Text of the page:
Commentary: Robin Williams’ death once could have been mine

By Cynthia B. Astle
Aug. 13, 2014 | DALLAS (UMNS)

The recent death of Robin Williams, whose talent no superlatives can encompass, plunged me into a deep well of grief and memories. I never knew Mr. Williams personally, but I know his reported illness intimately. The constant threat of depression haunts my days. Like the genius who made us laugh and cry, I have been tempted more than once to take my own life to end my pain.

It's difficult to explain what a depressive illness feels like to someone who doesn't have it. Depression is more than "the blues." It's an all-encompassing sense of isolation and worthlessness, an emotional distortion often accompanied by genuine physical pain. The best description I have found comes from Psalm 13:

How long, O Lord? Will you forget me forever? How long will you hide your face from me?

How long must I bear pain in my soul, and have sorrow in my heart all day long? …

Consider and answer me, O Lord my God! Give light to my eyes, or I will sleep the sleep of death…          – Psalm 13: 1-4 (NRSV)

"Give light to my eyes, or I will sleep the sleep of death." Could the psalmist have written any clearer cry for help?

Help for depression

Start with these guidelines to help someone experiencing depression:

• Be fully present to the person in need. Profound feelings of worthlessness and hopelessness are the biggest threats of depression. Your attention will help dispel these feelings. If the person allows you, hold a hand or give a hug. Physical touch can break through a depressed person's isolation.

• Don't judge. Depressive illness isn't the result of sin.

• Don't try to "fix" the person. Just listen and reassure them that they're not alone.

• If you or someone you know is expressing suicidal thoughts, call the National Suicide Prevention Lifeline, 1-800-273-8255. If it seems the person may harm himself or herself immediately, call 911.

Robin Williams' death has thrown renewed light on the struggles of those who have mental illness and the social stigma we face. I have read countless books and articles on its nature in learning to manage my disease. Some people seem to be genetically disposed toward it, as I think my family has been. Some people develop depression while managing another chronic medical condition such as heart disease or diabetes. Elderly people often become depressed as their bodies fail and their family and friends die. Teenagers enduring hormone fluctuations can have depression. Children who've experienced trauma can get it.

In short, no human, even a faithful believer, can be considered immune to this insidious disease. The psalmist's words confirm that depression has been with us since the dawn of recorded history. We are all vulnerable. The question is whether we will allow ourselves to be vulnerable enough to ask for help.

I am among more fortunate depression sufferers because I've found that regular spiritual practice, such as prayer and devotional reading, equip me to recognize when an episode is upon me. Because I've exercised my "spiritual muscles," sometimes I can push back depression's isolation and hopelessness to experience God's presence. In fact, my favorite affirmation of faith has become No. 883 in the United Methodist Hymnal, with its stirring conclusion: "… God is with us. We are not alone. Thanks be to God!"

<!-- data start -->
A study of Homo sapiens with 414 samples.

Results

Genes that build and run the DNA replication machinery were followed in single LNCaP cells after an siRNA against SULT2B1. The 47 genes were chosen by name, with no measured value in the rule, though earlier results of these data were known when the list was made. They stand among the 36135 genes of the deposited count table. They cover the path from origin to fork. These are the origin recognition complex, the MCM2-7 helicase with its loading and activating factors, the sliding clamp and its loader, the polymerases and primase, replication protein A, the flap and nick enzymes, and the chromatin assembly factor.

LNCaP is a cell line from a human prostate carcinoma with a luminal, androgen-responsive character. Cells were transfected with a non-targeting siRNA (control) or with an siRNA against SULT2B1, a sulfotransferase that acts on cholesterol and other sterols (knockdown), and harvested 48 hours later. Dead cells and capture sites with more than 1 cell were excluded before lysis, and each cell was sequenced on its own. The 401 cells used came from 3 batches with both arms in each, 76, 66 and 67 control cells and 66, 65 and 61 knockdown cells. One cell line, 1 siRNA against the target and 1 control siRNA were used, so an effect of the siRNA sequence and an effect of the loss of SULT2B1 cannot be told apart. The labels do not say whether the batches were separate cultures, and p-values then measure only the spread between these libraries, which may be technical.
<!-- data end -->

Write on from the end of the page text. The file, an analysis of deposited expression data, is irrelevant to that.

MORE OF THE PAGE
I've also been fortunate that the United Methodist congregations of which I've been a member have shown me hospitality, compassion and spiritual care when I needed it. Such spiritual care can take many forms, but I must stress that one cannot "pray away" depression (or any other medical condition, for that matter). Nonetheless, I've found that my depression can benefit mightily from what we call "a ministry of presence." That's because depression can be stealthy; an episode can sneak up on us sufferers before we realize it. During an active episode, we people with depression frequently lack the capacity to reach out for help. We need others to watch over us, to know the signs of depression and to be willing to get past their own discomfort with mental illness to ask us how we're feeling. To me, this seems like a perfect calling for the church of Jesus Christ.

I wish with all my heart that Robin Williams had had a spiritual community supporting him during his soul's dark night. I wish that someone, something, could have shown him God's loving presence before he took his own life. Once upon a time, his manner of death easily could have been mine. I am so grateful that God, my family and friends, and good medical care, have helped me survive!

Astle of Dallas is a longtime United Methodist communicator, a certified spiritual director and a member of St. Stephen United Methodist Church in Mesquite, Texas.

News media contact: Vicki Brown, Nashville, Tenn., (615) 742-5470 or newsdesk@umcom.org.